Actress. Producer. CEO. Creative. Tracee Ellis Ross has forged a unique path in Hollywood.
After appearing in 1996’s Far Harbor, she landed her first studio film role in Hanging Up (2000). That year would prove to be her breakthrough—not only did she became a regular on the MTV series The Lyricist Lounge Show, a hip-hop variety show mixing music and sketch comedy, but she also landed her first major network role as Joan Clayton on the long-running sitcom Girlfriends—which garnered her a whopping eight NAACP Image Award nominations for Outstanding Actress in a Comedy Series, including two wins. Additionally, she received a nomination in the Outstanding Directing in a Comedy Series category for Girlfriends in 2009. Over the years, she’s also guest-starred in CSI and Portlandia; co-starred in HBO’s LIFE Support with Queen Latifah; and appeared in feature films Daddy’s Little Girls (2007) and The High Note (2020).
But it was her performance as Dr. Rainbow “Bow” Johnson in ABC’s black-ish, beginning in 2014, that cemented her in the pop-culture lexicon. Unafraid to tackle serious topics with bold humor, the series examined current events through the lens of the Johnson family— led by anesthesiologist Bow and advertising-exec husband Andre “Dre” (fellow 2022 Disney Legend inductee Anthony Anderson). “This show is sort of pulling apart the myth of the ‘Black experience,’” she once said. “It’s not monolithic. Differences in experience, points of view, and opinions aren’t what pulls us apart. It’s what brings us together.” During the show’s incredible eight-year run, Tracee was nominated five times for Outstanding Lead Actress in a Comedy Series at the Primetime Emmy® Awards; twice for the Critics Choice Awards; and won the Golden Globe® Award for Best Actress in a TV Comedy in 2017, marking the first time a Black woman took home the trophy since Debbie Allen in 1983. The role also earned her yet another eight NAACP Image Award nominations, with four wins. Earlier this year, black-ish ended its monumental run to both critical and audience acclaim.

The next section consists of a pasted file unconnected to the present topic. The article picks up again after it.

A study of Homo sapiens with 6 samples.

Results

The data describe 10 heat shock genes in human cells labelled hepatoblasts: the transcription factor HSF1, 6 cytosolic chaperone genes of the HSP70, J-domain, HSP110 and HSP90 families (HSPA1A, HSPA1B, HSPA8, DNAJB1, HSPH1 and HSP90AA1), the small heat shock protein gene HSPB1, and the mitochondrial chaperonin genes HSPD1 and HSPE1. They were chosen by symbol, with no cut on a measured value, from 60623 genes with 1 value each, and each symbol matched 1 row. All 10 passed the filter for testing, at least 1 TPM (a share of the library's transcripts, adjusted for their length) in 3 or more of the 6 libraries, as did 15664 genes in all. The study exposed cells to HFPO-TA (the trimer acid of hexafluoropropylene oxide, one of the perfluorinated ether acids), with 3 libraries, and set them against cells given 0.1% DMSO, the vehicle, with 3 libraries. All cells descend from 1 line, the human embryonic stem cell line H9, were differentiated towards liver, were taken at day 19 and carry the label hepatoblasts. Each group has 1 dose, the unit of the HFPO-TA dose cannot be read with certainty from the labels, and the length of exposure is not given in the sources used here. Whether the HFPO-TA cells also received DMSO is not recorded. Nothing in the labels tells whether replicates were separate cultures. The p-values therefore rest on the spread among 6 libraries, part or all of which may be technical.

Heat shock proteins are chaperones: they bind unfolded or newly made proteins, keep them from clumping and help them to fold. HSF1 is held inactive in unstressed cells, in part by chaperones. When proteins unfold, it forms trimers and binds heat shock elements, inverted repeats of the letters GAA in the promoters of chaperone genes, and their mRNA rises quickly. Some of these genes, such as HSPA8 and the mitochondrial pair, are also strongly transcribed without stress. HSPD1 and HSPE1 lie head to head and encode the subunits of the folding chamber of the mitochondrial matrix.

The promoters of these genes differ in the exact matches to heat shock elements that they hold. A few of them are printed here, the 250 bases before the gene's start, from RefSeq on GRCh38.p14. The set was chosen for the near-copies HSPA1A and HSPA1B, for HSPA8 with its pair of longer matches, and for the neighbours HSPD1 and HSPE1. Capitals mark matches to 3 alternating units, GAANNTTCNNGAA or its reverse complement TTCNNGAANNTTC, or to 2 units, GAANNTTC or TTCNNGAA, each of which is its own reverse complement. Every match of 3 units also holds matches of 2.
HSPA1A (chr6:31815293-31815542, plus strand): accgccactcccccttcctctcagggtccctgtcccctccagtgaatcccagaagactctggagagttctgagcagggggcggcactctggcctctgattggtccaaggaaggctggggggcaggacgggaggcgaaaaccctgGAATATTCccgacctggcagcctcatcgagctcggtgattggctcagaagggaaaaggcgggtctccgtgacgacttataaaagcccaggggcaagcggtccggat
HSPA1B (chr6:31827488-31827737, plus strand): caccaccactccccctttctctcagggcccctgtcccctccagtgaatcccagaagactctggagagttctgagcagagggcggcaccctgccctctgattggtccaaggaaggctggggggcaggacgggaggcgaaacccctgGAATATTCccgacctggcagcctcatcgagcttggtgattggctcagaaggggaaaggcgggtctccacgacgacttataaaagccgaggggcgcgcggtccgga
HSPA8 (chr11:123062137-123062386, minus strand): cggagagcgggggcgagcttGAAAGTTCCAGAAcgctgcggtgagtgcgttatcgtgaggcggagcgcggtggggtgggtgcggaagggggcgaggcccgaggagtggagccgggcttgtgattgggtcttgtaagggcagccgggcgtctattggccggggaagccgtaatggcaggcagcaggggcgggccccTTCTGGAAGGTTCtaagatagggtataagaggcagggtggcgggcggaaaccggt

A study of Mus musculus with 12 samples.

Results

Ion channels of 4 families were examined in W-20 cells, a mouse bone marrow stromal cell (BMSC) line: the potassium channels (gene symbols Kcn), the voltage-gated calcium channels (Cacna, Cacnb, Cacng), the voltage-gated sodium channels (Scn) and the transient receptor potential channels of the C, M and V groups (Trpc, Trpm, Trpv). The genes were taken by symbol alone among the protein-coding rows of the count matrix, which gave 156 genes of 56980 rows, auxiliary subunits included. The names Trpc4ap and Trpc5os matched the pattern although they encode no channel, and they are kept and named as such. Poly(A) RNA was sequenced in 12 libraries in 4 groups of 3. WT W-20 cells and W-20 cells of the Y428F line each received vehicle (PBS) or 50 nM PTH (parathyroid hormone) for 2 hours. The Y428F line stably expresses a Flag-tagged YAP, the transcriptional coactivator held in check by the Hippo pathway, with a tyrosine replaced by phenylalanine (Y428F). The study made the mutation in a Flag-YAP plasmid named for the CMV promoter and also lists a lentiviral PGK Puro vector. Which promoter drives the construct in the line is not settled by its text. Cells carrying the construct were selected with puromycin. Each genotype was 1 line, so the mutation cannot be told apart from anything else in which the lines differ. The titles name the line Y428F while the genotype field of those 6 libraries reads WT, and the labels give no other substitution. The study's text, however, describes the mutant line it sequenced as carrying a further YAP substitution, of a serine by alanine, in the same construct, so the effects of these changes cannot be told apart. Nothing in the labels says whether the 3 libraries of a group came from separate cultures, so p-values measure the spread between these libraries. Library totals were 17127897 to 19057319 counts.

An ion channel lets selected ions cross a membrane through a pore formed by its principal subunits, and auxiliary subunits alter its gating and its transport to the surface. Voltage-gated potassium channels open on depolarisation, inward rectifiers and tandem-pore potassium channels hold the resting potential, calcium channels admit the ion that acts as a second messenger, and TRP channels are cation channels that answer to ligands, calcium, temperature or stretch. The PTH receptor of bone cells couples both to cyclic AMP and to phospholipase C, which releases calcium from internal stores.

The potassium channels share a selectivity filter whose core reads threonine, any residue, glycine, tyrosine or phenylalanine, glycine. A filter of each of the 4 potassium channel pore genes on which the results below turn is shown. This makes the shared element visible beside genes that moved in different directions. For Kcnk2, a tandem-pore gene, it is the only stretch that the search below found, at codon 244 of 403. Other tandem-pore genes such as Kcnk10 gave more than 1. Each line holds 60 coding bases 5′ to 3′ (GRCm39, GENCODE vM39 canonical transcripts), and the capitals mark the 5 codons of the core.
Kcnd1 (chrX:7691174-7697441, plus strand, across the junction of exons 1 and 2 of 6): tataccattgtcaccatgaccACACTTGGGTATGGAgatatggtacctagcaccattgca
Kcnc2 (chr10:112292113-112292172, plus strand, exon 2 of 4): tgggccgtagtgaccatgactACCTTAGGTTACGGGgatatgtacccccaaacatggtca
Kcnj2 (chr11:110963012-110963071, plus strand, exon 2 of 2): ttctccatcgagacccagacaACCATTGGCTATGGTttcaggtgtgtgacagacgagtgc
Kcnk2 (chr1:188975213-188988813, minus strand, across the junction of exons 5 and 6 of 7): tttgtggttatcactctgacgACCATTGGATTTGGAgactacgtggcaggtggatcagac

“Working for Disney opened so many doors for me,” she explains, “and it also afforded me another long TV sitcom run. Because of my role on black-ish, I’ve now enjoyed playing a character for eight years on network television for a second time—which is extremely rare.”
Tracee stayed with both ABC and the Johnsons for a concurrent project—creating, executive producing, and narrating mixed-ish (2019–2021), a prequel to black-ish that explored Bow’s experience growing up in a mixed-race family in the 1980s. Within the worlds of Disney, she’s also made several appearances on the black-ish sequel, Freeform’s grown-ish, and has popped up on ABC’s Private Practice and FX Productions’ The Premise.
Connecting with people outside of screens large and small is equally as important to Tracee, who’s worked with many notable organizations over the years, including The Big Brother Big Sister Program; additionally, she launched her own website, traceeellisross.com, in 2012, and frequently connects with her more than 10 million social media followers to join her quest for inclusivity and equity. She’s also proud to be the CEO and founder of Pattern—a haircare brand she created for “the curly, coily, and tight-textured masses” which supports organizations and programs that empower women and people of color. In February 2021, Ross signed on with ULTA Beauty as its Diversity, Equity & Inclusion Advisor, formalizing an already existing dialogue and partnership with ULTA Beauty’s then-CEO Mary Dillon in an effort to ensure foundational change for customers and employees alike.
Accolades include the Fierce and Fearless award from the 2016 ESSENCE Black Women in Hollywood luncheon; the “Volunteer of the Year” from The Los Angeles Urban League; the Lucy Award for Excellence in Television from Women in Film; and an honorary Doctor of Fine Arts degree from her alma mater, Brown University.
Now, she adds Disney Legend to that illustrious list. “What an impressive group to be a part of,” admits Tracee. “Whoopi Goldberg, Oprah Winfrey, all four ‘Golden Girls’, Robin Williams, James Earl Jones, Bette Midler… It’s incredible that my name and work will join the ranks of such icons, and I’m thrilled to receive this honor alongside my TV husband.”